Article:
Free agency is coming! (And as the Germans might tell you, the British are not).
2010 edition: what have we got left to spend!
I'll begin by quoting 2009 version of myself:
Our current salary situation, post-jump:
|Player||Dollars (in millions)
|Free Agent #1||---|
|Free Agent #2||---|
|Free Agent #3||---|
|Free Agent #4||---|
67, 540, 045
Projected Salary Cap
54, 841, 000
Projected Luxury Tax
67, 298, 000
The projections were accurate to within $30,000 last year, and so I have a good deal of confidence in them. The current projection indicates that New Orleans is minimally above the tax, though we won't know for sure until the official figures are released. We do know that the Hornets will be about 12 to 14 million over the cap line, for sure (or put another way, the contract of Peja Stojakovic over the cap. Hmm.)
Both Brackins' and Pondexters' contracts are derived from the current rookie pay scale. This will likely be the final run of the current iteration with a new CBA around the corner. It also means that, for the second consecutive year, Marcus Thornton will be the lowest paid player on the team. At $800,000 for six months of work, he shall simply have to overcome.
As we've become accustomed to, the luxury tax line will be critically important. In previous years, the tax level has been announced on Wednesday, July 9th, 2008 and Wednesday, July 8th, 2009. According to my pretty solid source in David Stern's office, this year it will be announced on, er, Wednesday, July 9th, 2010. So we're a week away.
Here's the current depth chart:
Sure Pondexter might slide over to play the 2 every now and again, and Brackins may play center, but those certainly don't seem like extraordinarily viable options at this point. As it stands, there are definite needs at shooting guard and center.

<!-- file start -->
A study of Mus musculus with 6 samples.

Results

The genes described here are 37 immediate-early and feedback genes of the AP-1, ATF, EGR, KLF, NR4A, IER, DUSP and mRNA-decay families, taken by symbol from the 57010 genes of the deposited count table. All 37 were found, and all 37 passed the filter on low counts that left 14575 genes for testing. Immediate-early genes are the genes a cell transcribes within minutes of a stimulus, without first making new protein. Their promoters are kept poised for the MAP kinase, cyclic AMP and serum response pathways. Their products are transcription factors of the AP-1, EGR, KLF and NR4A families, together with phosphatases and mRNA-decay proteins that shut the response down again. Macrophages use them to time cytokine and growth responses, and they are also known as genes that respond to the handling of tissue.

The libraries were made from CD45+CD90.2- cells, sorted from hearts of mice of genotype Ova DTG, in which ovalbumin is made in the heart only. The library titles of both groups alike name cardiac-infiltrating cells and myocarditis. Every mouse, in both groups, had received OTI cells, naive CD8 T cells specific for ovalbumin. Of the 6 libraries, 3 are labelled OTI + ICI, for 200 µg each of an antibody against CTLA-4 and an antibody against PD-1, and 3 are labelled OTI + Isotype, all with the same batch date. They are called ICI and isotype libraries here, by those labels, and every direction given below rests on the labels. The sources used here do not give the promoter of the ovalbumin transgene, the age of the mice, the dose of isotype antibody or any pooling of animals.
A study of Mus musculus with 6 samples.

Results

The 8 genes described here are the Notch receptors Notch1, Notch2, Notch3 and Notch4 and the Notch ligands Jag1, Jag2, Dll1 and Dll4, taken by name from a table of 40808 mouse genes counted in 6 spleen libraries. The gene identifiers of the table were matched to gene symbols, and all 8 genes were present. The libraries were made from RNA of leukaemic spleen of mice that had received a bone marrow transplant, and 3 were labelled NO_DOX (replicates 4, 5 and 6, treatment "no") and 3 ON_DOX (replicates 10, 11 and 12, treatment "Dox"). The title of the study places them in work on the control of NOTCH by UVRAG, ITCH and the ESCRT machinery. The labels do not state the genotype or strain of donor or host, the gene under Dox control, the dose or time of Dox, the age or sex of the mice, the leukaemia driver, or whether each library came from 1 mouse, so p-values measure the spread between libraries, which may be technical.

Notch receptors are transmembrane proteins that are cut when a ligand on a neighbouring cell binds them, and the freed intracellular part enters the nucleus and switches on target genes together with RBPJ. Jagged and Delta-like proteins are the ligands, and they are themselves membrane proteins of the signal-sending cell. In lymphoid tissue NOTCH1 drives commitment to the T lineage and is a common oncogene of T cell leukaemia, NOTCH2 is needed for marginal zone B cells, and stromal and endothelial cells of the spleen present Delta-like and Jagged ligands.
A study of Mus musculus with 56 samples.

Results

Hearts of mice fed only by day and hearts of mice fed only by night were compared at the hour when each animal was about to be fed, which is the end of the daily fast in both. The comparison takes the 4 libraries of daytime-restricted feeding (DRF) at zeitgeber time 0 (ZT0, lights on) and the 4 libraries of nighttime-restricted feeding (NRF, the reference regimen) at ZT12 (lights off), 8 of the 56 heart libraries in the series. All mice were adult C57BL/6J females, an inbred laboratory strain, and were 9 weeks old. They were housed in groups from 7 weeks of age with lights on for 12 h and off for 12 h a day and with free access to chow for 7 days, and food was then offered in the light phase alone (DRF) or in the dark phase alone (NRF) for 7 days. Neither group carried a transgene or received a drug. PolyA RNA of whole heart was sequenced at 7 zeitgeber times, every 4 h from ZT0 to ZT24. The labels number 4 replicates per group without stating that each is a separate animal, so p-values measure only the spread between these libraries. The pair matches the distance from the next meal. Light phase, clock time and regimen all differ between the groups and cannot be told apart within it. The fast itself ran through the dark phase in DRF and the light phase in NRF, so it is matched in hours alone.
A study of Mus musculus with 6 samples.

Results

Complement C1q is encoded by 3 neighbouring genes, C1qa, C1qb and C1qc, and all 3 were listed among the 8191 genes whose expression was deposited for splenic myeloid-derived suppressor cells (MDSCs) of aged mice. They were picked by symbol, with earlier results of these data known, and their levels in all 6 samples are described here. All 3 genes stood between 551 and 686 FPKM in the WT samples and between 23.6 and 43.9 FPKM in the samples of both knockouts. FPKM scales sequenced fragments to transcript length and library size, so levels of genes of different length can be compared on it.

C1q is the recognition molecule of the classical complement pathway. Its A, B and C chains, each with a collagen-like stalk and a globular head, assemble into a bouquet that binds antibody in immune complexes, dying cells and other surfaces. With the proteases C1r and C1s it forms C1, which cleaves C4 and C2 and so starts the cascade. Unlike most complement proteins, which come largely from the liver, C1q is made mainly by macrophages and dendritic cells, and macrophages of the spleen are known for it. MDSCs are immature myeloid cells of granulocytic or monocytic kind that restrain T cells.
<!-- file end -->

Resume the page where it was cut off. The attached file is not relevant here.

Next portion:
It's unclear right now (a) if Chouest is actually ever going to take over the team, and (b) whether he'd be willing to exceed the luxury if he does. I'm choosing to operate under the assumption that New Orleans needs to stay under the tax because, frankly, that seems more likely. Keep in mind that the CBA specifies that the tax is calculated based on players under contract on the final day of the regular season. The Hornets have the expiring contracts of Songaila (4.8) and Stojakovic (14.3) to move, if necessary.
Essentially, if they're going to stay under the tax, the Hornets need to make sure the dollars they spend this summer are dollars they can move by the trade deadline. If the FO is certain they can dump the entirety of those two contracts for trade exceptions (which seems very unlikely), then the Hornets could stand to use all of their midlevel exception and biannual exception (projected 8.1 million total). The super conservative estimate would be just the loss of Songaila's contract (4.8 million total).
A final caveat: the league office projected the cap to be 56.1 million, back in April. If that's indeed the case, the Hornets can spend almost the entire midlevel and biannual exceptions and only have to rid themselves of Songaila's contract. Next Wednesday's announcement will be interesting, but overall, it seems fair to peg the Hornets' budget in that 5 to 8 million dollar range regardless of the exact tax amount.